Regarding Underscores

Today, PHPDeveloper.org referred to a post by Leszek Stachowski about underscore prefixes on non-public class elements.

The question which comes instantly to my mind is: why? Is there any reason why this convention should be kept when PHP object oriented programming has gone a long way since PHP 4 (when there was no access modifiers and such underscore was the only fast way to distinguish public from, hmm, not public methods and properties) ? Are, for instance (as one of major OOP languages), Java coding standards pushing towards such naming convention? No!

I think that we, as developers, should not stick to this silly convention. For the sake of progress, stop looking back (because that what in fact this convention is) and stop supporting this one, particular naming convention.

I think the underscore-prefix for protected and private is a good convention to keep. As with many things about programming, this convention is not for the program, it is for for the programmer. For example, limiting your line length to about 80 characters is a good idea, not for reasons of “tradition”, but because of cognitive limitations of human beings who have to read code.

Likewise, using the underscore prefix is an immediate and continuous reminder that some portions of the code are not public. Its purpose is as an aid to the programmer. The underscores make it obvious which parts of the program are internal, and which parts are externally available. (Note that I do not extend this argument to support the use of Hungarian Notation in PHP; if something like the underscore prefix is overused, it loses its obvious-ness and thus becomes less powerful.)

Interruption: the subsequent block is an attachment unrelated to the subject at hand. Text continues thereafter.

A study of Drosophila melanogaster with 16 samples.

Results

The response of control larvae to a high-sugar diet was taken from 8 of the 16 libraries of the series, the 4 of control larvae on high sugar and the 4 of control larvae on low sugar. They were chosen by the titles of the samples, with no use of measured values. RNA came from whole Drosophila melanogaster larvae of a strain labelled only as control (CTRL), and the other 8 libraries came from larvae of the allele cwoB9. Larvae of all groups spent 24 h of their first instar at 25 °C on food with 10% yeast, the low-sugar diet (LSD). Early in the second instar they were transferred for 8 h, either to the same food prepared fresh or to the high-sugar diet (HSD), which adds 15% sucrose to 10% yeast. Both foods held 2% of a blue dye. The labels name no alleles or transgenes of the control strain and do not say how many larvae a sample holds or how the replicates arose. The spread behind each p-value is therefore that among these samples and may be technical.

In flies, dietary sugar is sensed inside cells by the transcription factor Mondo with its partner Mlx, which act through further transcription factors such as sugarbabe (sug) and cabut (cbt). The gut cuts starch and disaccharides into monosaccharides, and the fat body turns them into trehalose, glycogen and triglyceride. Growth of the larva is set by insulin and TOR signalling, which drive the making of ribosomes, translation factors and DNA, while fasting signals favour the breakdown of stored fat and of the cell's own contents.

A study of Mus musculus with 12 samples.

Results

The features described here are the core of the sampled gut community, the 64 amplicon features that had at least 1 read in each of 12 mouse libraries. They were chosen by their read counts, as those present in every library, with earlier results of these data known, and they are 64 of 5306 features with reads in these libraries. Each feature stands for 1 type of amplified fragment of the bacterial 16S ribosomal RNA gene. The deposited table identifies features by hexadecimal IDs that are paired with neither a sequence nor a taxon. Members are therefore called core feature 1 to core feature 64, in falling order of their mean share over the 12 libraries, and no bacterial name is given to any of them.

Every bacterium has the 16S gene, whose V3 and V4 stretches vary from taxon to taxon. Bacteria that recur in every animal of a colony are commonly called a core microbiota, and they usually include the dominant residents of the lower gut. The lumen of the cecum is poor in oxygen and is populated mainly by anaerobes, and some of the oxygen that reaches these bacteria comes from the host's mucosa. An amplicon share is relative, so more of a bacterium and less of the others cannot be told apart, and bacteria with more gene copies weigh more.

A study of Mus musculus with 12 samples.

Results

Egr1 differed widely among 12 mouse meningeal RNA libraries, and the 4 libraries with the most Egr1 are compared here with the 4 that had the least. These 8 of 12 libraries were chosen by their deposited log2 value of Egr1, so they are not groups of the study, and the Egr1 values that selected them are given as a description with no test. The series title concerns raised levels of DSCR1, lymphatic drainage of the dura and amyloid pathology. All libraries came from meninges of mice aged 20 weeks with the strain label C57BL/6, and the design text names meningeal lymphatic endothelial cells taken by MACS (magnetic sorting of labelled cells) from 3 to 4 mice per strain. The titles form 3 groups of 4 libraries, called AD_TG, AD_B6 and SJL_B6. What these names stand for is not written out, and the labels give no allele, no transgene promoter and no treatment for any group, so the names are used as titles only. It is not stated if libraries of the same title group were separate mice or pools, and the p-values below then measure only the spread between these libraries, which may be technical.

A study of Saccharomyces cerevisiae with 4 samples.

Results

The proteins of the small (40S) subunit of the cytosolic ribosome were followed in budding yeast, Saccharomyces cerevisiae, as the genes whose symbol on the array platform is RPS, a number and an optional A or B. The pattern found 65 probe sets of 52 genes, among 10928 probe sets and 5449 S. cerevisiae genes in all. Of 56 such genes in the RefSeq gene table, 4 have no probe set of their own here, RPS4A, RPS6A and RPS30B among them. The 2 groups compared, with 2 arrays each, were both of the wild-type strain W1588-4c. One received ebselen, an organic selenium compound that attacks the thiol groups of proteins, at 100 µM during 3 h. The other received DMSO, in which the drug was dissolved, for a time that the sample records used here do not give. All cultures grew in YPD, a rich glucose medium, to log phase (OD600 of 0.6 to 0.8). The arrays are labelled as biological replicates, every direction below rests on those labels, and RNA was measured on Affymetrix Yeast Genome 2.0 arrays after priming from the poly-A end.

As an example, look at the following code:

<?php
class NoUnderscores
{
    protected $data = array(
        'item' => 'magic-data',
    );

    protected $item = 'property-value';

    public function __get($key)
    {
        return $this->data[$key];
    }

    protected function doSomething()
    {
        // do we want the magic public item,
        // or the internal protected item?
        return $this->item;
    }
}

Here we have magic __get() method that reads from the protected $data property. Any time you try to access a property that doesn’t exist, PHP will go to the __get() method and read from protected $data. Now look in the doSomething() method. Because the code executes inside the class, it has access ot the protected $item, so it’s not obvious if the programmer wanted the value of protected $item, or the magic $data['item'].

By way of comparison, take a look at the following modification to use the underscore prefix on private and protected elements:

<?php
class Underscores
{
    protected $_data = array(
        'item' => 'magic-data',
    );

    protected $_item = 'property-value';

    public function __get($key)
    {
        return $this->_data[$key];
    }

    protected function _doSomething()
    {
        // it is clear we want the internal protected item
        return $this->_item;
    }
}

Now the _doSomething() method is perfectly clear: the programmer wants the value of the internal protected property.